A Brief History of Peacebuilders Camp at Koinonia Farm
In the spring of 2009, Marilyn McGinnis, who was then teaching history at a small private school in Atlanta, led a group of six middle schoolers on an overnight field trip to Koinonia Farm in Americus. The goal was to learn about the farm’s role in the Civil Rights Movement and about the work of unsung heroes, both past and present, who have helped bring about about social change. The impact that this brief visit to Koinonia made on the students was impressive, and Marilyn began to consider how other youth could benefit from a similar experience. At the same time, she began to identify other places in the Americus vicinity that provided opportunities to teach and inspire youth, and the idea for a week-long camp focusing on human rights and peacemaking was born.
Marilyn teamed up with co-teacher Jonah McDonald, who had plenty of experience organizing and leading excursions for youth and adults, and together they established Peacebuilders Camp early in 2010. After a year and a half of planning, sixteen campers and two volunteer counselors joined Jonah and Marilyn in Americus in June of 2011 for the first Peacebuilders Camp. Together they spent a week immersed in the Universal Declaration of Human Rights, in Koinonia’s intentional community, in farm life, and in conversation with activists making a difference in the world. Interspersed with all the serious thinking and discussions was plenty of time for swimming, basketball, campfires, hayrides, water fights, storytelling, and crazy fun. Jonah and Marilyn realized what potential for transformation their program provided for youth from many different backgrounds, and committed themselves to developing a structure so that camp could continue for many more years.
That structure has continued to develop since the first year. In 2012, Jonah and Marilyn that recognized the gifts that volunteer counselor Erica Schoon brought to the program and asked her to join the leadership team as the third co-director. As planning for Peacebuilders Camp 2013 began, the team decided to take a leap of faith and expand camp to two weeks, one week for each of two different age groups. Largely due to Erica’s tireless effort, those two weeks filled with eager campers. With paid counselors for the first time, camp was even more successful than in the past.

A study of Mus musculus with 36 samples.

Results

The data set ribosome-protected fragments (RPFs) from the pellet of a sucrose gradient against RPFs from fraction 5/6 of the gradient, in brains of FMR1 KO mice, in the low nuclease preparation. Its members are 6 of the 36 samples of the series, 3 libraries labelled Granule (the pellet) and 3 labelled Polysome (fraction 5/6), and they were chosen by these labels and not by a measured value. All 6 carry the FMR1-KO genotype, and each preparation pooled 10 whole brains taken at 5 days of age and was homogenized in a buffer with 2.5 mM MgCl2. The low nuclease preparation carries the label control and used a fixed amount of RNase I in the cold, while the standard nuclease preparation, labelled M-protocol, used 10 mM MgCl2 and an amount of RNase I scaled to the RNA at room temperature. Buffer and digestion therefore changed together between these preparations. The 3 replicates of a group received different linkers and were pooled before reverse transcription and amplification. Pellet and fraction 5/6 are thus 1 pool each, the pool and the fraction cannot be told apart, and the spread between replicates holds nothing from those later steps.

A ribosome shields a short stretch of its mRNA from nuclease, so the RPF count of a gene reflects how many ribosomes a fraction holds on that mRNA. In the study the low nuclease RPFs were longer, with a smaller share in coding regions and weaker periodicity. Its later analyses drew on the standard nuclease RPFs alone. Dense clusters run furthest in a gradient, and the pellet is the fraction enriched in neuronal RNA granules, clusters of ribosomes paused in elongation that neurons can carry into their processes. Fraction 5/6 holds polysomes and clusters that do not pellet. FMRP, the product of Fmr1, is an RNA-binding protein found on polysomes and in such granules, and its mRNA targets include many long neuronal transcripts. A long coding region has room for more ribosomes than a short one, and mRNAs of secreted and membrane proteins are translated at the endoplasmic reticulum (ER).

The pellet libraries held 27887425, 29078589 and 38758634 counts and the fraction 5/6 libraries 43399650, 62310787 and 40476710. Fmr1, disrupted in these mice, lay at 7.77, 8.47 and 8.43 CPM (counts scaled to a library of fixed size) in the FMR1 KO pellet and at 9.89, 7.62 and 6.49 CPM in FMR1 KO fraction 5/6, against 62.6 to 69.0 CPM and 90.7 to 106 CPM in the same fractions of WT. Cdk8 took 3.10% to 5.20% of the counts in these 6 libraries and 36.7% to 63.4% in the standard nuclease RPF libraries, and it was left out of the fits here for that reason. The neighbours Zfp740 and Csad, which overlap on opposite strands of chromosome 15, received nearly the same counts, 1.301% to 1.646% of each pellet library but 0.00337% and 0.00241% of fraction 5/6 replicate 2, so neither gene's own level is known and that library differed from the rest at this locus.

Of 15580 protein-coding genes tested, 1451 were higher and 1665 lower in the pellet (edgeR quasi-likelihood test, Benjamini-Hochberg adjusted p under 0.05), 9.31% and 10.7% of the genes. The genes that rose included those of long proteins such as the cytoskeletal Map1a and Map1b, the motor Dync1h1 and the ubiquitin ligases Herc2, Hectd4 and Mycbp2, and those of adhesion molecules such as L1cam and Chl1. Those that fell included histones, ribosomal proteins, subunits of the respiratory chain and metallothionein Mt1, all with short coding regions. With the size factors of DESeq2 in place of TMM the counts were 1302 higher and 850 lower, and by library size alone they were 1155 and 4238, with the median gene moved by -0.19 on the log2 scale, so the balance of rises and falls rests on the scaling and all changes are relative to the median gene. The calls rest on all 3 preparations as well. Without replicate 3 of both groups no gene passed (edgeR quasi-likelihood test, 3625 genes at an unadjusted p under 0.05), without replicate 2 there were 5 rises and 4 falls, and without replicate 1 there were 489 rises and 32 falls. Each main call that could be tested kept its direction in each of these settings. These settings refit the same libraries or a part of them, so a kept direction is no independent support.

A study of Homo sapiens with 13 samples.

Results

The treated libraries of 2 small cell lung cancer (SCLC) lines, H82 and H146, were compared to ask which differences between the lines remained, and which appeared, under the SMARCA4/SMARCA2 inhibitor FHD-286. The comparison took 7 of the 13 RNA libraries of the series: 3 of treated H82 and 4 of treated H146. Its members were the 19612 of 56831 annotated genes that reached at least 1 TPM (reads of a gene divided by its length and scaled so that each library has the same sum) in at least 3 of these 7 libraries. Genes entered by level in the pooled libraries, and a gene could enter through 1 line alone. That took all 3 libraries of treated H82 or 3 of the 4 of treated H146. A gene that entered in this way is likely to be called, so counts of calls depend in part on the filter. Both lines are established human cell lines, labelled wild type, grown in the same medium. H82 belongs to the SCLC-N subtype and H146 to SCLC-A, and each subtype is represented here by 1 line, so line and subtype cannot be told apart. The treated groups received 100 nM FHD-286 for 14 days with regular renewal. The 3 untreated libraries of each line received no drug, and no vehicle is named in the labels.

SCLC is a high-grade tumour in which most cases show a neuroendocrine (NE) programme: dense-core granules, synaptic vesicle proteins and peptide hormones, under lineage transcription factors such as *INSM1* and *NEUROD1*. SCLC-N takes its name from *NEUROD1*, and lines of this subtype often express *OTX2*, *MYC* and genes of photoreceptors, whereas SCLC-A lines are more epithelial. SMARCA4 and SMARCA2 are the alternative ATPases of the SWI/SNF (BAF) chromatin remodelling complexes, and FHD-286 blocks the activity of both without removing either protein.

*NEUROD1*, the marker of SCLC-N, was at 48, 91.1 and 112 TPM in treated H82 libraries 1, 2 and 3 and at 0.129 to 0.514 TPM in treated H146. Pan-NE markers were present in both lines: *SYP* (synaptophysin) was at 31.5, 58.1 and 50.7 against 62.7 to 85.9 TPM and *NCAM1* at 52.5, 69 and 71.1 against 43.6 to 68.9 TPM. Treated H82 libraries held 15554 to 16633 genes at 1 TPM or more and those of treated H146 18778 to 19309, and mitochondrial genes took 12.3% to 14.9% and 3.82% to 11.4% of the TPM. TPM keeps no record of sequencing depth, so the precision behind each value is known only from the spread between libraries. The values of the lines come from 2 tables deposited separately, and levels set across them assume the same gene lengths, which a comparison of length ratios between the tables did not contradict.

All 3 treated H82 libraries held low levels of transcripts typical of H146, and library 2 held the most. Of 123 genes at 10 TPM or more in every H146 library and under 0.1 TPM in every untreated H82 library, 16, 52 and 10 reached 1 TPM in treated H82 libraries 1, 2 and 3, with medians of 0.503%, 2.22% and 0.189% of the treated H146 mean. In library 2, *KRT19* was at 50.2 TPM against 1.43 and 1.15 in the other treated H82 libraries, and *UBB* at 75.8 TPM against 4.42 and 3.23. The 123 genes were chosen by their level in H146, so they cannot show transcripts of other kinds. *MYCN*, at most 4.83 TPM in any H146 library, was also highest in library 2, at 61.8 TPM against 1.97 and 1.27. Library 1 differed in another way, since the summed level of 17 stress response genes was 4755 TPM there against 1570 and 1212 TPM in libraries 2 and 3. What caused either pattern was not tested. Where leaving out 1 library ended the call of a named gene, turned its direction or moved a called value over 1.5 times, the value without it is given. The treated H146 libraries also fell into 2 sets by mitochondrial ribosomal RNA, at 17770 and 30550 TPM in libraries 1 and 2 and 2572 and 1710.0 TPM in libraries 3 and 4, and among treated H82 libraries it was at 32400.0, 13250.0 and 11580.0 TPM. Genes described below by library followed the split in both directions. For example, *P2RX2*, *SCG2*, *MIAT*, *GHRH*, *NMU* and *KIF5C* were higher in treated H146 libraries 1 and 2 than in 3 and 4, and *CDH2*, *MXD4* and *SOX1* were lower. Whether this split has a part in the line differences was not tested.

The camp curriculum, too, has continued to evolve. Still based solidly on the UDHR, the specific rights highlighted and the venues visited vary from year to year. We have discovered more local people whom we rely on to facilitate various sessions, and we also are drawing talent from further afield, as in 2016 when Dwayne Szot joined us from Michigan to lead our campers in hosting a community art fair, in 2017 when glass artists from Project FIRE in Chicago helped us explore the right to participate in the arts, and in 2019 when rugby star Phaidra Knight brought her energy around inclusive sports to camp.
In 2016, Peacebuilders Camp was chosen as a partner in the Georgia Council for Developmental Disability’s program, Real Communities. Through this partnership, we have been able to include more and more campers who identify as having a disability. We have been particularly grateful for our relationship with the Atlanta Area School for the Deaf and for the young people they have sent to camp.
Also in 2016, Mario Burton took over Erica’s role as Program Director, and added his talents and expertise to our leadership team. Besides offering strong leadership to summer camp programming and guidance and support to our summer staff, Mario also helped put in place our first and second PeaceJam teams. Our oldest campers who form these teams spend part of their time at camp creating an ongoing peacemaking project to carry out in the months after camp. With mentoring from staff throughout these months, campers complete their project in time to present their work in April at the PeaceJam Southeast conference in Tallahassee, Florida. At the conference, our team has the opportunity to meet and network with passionate youth peacemakers from all over the Southeast. They also meet and learn from a Nobel Peace Prize laureate at the conference.
Now running three camp sessions each summer, Peacebuilders continues to grow and evolve. In 2019, we welcomed back 2016 counselor Quayneshia Smith to take over as Program Director. In 2020, we will pilot our first 2-week session with 12 campers for our PeaceJam team. Stay tuned for more information about this and other new developments as Peacebuilders Camp continues to adapt to provide innovative human rights education and to prepare tomorrow’s leaders to thoughtfully respond to the ever-changing challenges of their communities.
Each summer, a new journey awaits. Come join us!